Winter is synonymous with many things, but few people would rank home fires atop their list of things that remind them of winter. However, we often hear about tragic home fires during the winter months. Perhaps the most troubling thing about those statistics is that winter home fires are often preventable. At Amazing Home Contractors, we want to help you keep your family safe and protected. Here are our six tips for preventing home fires.1
Practice a home fire escape plan
Map out the layout of your home. Create routes to exit the home in case a fire does occur. Consider that windows may be an alternate escape path. Inspect your windows to make sure they function properly. Consider having your home windows replaced if needed. Teach children about different escape routes and a rendezvous point after they exit. Practice your home fire escape plan at least twice each year.2
Have your furnace inspected
Ideally, furnaces should be inspected and any problems addressed before the arrival of winter. But many homeowners forget this routine maintenance until that first cold day when it’s time to turn the heat back on. If you have not yet had your furnace inspected, schedule an inspection with a local HVAC professional, who can make sure all controls and emergency shutoffs are fully functioning. If you discover an issue during a self-inspection, call a professional to make the repairs. Unless you have experience in HVAC repair, it’s best to let the pros handle any repairs because the stakes are so high. Home fires often result from faulty equipment, so only trained professionals should be inspecting and repairing your home furnace.3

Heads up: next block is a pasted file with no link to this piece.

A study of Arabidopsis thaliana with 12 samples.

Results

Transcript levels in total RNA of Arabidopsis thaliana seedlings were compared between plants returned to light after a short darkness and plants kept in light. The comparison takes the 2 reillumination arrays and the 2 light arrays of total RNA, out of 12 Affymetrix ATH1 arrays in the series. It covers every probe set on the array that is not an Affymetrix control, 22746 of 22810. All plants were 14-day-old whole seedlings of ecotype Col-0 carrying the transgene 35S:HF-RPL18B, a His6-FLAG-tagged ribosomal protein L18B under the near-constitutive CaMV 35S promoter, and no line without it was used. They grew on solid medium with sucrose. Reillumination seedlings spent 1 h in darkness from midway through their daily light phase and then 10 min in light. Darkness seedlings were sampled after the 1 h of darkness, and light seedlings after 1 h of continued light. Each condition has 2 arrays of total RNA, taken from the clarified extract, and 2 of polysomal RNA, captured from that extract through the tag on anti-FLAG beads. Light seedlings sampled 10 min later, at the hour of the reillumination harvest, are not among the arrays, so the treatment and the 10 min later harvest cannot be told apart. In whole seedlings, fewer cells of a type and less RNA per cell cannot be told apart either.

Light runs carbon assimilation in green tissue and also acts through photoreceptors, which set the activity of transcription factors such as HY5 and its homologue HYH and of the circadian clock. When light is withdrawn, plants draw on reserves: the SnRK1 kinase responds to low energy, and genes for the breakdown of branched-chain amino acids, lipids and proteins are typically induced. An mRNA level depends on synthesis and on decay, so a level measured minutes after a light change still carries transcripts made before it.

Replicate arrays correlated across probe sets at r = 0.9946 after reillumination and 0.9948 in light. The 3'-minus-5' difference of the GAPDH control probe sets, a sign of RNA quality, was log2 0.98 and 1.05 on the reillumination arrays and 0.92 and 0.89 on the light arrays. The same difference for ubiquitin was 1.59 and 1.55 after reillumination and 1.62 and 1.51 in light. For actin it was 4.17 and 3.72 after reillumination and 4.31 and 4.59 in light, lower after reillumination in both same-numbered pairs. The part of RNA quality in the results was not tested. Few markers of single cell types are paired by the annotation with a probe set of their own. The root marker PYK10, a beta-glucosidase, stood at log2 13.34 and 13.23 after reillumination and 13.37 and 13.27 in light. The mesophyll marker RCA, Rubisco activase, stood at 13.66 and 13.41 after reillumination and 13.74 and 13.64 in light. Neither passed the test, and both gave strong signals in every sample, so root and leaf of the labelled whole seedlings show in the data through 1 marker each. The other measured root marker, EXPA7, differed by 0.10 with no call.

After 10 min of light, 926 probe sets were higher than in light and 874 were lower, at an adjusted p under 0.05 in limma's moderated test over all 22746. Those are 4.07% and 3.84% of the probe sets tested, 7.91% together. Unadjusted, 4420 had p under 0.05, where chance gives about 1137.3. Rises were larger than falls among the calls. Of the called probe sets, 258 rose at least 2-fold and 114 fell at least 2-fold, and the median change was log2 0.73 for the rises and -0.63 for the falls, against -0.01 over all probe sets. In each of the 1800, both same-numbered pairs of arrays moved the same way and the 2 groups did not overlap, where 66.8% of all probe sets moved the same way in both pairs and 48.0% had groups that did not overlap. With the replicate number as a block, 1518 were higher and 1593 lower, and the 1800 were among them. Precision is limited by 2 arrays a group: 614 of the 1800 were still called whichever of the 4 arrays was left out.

Be careful using portable heaters
Portable heaters can warm up those areas of the house that always seem to be too cold in winter. Such devices also provide a backup plan in case of a broken heating system. But the USFA notes that, in 2011, heating equipment was involved in more than 53,000 home structure fires in the United States, accounting for 14 percent of all reported home fires. When using portable heating equipment, such as space heaters, radiators, and portable fireplaces, do not place such devices anywhere close to items that can burn. Upholstered furniture, bedding, mattresses, and clothing can ignite in seconds, so keep portable heating devices away to help with preventing home fires. And always turn portable heating devices off when leaving the room where they are in operation.4
Address frozen pipes correctly
Water pipes in a home can freeze depending on how cold the home gets. It might be tempting to thaw such pipes with an open flame, but such an approach is highly dangerous, as the pipe may begin to conduct the heat and ignite the wall structure inside the space. When addressing pipes you suspect are frozen, thaw them with hot water or even a laboratory-tested handheld dryer rather than an open flame.5
Treat your fireplace with caution
Fireplaces make great gathering spots for families in the winter, but only when they are operated safely. Before lighting the first fire of the season, have the fireplace and chimney inspected and cleaned to reduce the risk of fire. Once the time comes to spark your first fire, do not use flammable liquids to start or accelerate the fire and make sure you have installed a screen in front of the fireplace to prevent embers or sparks from jumping out of the fire and possibly igniting any nearby items or materials.6
Inspect smoke alarms
Properly functioning smoke alarms can save both your home and your life. When functioning properly, smoke alarms can alert you to a fire early on, giving you time to extinguish a small fire before it spreads or to escape a larger fire before it threatens your life. Inspect your smoke alarms periodically regardless of the season and make sure you have at least one functioning alarm on each level of your home. Baltimore City residents who don’t have smoke alarms can call 311, and the Baltimore City fire department will install them for free.
We at Amazing Home Contractors, are honored to live and work in Maryland! We love the our city and the people. Let’s all do our part to help with preventing home fires.